By Shah Husain Imam
June 10, 2016
Few men were rewarded and vindicated in their lifetime as Muhammad Ali had been. Such a man of action was he in professional boxing, against discrimination and for truth and justice that there would be little posthumous by way of honouring him. Fewer still come through as a man of substance dawning deeper and deeper on the consciousness levels of people after his death as he did.
But more than that, as Louisville, Kentucky says goodbye to its favourite son Muhammad Ali and world leaders pay homage to his memory, his legacy acquires a sharper meaning and poignant relevance in today's world plagued by terrorism.
Interfaith services in an apt recognition of Muhammad Ali's unifying role representing 'the true face of Islam' are on hand to celebrate his life and works as part of the funeral proceedings.
He wouldn't yield to pressures from sponsors, exerted twice before a heavyweight championship encounter to ostensibly distance himself from Islam. His association with Malcom X and hiring a Muslim woman cook for his camp miffed some potential sponsors threatening not to back Ali. The boxer, only waiting to be a legend, held his ground, saying, “So be it,” (his belief was not something to be bartered away). Eventually, they would come round to his views.
Equally, he wouldn't compromise on a matter of conscience. At what price had he refused to be drafted in the US army for a stint in the Vietnam War as a conscientious objector? Four years in jail, aged 28 to 32, a prime span of time lost to his career and world boxing!
So Muhammad Ali drew on his religious beliefs and humanitarian principles to launch a kind of Jihad of his own. It was so very different from the version that the fanatics parade today.
In fact, not long ago Muhammad Ali had reportedly come hard on brutalisation in the name of religion.
Speaking of targeted terrorist killings in Bangladesh, the spate has been mind-boggling – 48 deaths in 46 attacks during the last 18 months. Until June 5 this year alone, casualty figure at 18 was high compared with 30 for the whole year in 2015. This includes a new dimensional choice of a target: Policemen have come under attack before but here a reprisal has been wreaked on the wife of a police superintendent for his work. Falling in pattern though, has been the brutal murder of a Hindu priest in Jhalakathi.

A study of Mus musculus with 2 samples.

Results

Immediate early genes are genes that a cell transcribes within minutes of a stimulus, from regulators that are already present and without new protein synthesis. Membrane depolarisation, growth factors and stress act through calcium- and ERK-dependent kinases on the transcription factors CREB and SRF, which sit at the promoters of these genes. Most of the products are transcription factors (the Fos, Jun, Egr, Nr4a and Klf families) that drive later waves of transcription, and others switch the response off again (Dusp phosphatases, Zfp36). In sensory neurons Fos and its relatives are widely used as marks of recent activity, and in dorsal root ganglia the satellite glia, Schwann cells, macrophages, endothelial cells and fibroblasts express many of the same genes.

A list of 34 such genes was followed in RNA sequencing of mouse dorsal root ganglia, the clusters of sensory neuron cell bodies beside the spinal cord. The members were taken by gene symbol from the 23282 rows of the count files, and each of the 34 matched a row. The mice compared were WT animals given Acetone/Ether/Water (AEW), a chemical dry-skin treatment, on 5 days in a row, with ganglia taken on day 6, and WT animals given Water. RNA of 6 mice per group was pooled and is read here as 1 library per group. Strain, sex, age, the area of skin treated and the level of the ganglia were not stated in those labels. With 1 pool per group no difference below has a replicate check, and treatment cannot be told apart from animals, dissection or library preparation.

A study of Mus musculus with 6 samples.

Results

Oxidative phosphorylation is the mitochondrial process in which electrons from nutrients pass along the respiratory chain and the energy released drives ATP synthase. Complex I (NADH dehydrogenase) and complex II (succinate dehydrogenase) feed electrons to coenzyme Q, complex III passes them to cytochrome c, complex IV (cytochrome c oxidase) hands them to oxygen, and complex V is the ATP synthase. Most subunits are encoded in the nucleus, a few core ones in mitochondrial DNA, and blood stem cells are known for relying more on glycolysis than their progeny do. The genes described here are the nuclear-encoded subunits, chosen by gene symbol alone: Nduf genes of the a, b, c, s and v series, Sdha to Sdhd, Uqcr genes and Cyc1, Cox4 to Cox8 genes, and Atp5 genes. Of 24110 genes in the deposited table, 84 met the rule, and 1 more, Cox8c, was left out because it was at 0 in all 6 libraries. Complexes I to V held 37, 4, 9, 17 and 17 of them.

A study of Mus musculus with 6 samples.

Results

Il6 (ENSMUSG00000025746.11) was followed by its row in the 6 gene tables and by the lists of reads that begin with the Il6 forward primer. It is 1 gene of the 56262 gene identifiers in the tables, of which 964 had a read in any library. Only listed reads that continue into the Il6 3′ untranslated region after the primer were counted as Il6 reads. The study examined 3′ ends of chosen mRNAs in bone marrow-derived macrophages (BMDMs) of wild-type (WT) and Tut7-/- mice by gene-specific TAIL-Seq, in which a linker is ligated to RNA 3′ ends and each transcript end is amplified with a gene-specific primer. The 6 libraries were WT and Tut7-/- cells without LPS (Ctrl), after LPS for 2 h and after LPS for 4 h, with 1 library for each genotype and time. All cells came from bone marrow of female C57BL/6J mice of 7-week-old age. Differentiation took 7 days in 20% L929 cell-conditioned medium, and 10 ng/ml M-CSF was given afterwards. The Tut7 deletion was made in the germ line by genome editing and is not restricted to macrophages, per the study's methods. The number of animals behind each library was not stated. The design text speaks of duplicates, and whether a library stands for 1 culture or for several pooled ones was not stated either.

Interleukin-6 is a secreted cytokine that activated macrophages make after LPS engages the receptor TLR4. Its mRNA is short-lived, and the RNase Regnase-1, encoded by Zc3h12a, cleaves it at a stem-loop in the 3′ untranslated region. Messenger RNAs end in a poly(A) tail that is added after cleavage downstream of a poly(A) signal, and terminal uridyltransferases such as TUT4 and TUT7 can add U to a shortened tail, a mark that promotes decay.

One theory behind the hacking incidents is that Ansar ul Islam Bangladesh and JMB with suspected links to ISIS may have coordinated the operations.
From the government side, an explanation has come forth that terrorists are 'soft targeting' individuals in contrast to attacks on government installations. Is this a measure of success that the perpetrators are soft targeting? The vulnerability zone is expanding which is very worrisome. At the end of the day, citizens of certain predictable categories are dying, sense of security is being reduced generally, and the administration's credibility in protecting life and limbs of citizens comes under question mark.
We think all this is avoidable provided the direction swerves towards counter-terrorism and updated to match the strategic shifts of the terrorists. It is quite possible that the hired murderers only know themselves and act on the directive of just the next man up without any knowledge of anyone else in the structure involved in terrorist operations. There are also perhaps 'sleeping cells' mingling undetected in the community that look over potential targets and assess their movements to manoeuvre an operation with a lethal effect. It is also learnt that those who had been jailed around 2009 in terrorist cases were subsequently released on serving their terms but a systematic follow up on their status is said to be lacking.
Another area of work is to maintain watch on so-called returnees from Afghan and Iraq wars and those who may be harbouring a desire to sneak through to the ISIS network. Understandably, tabs are kept on them but vigorous surveillance is called for.
Why must most CCTV cameras be inoperative in crucial times? Clearly there is an issue with maintenance but are they being deactivated by terror operatives?
Unless a good concerted effort is made to neutralise terrorism and concrete results shown in rounding up and punishing the culprits, public and community cooperation, a vital prerequisite for success, may remain elusive.
Of course, an impression about some quarters being at work to destabilise the country or betray a sense of the state weakening or may seem to be weakening, is gaining ground. This is a serious concern going forward. It needs to be addressed head-on rather than taken in one's stride.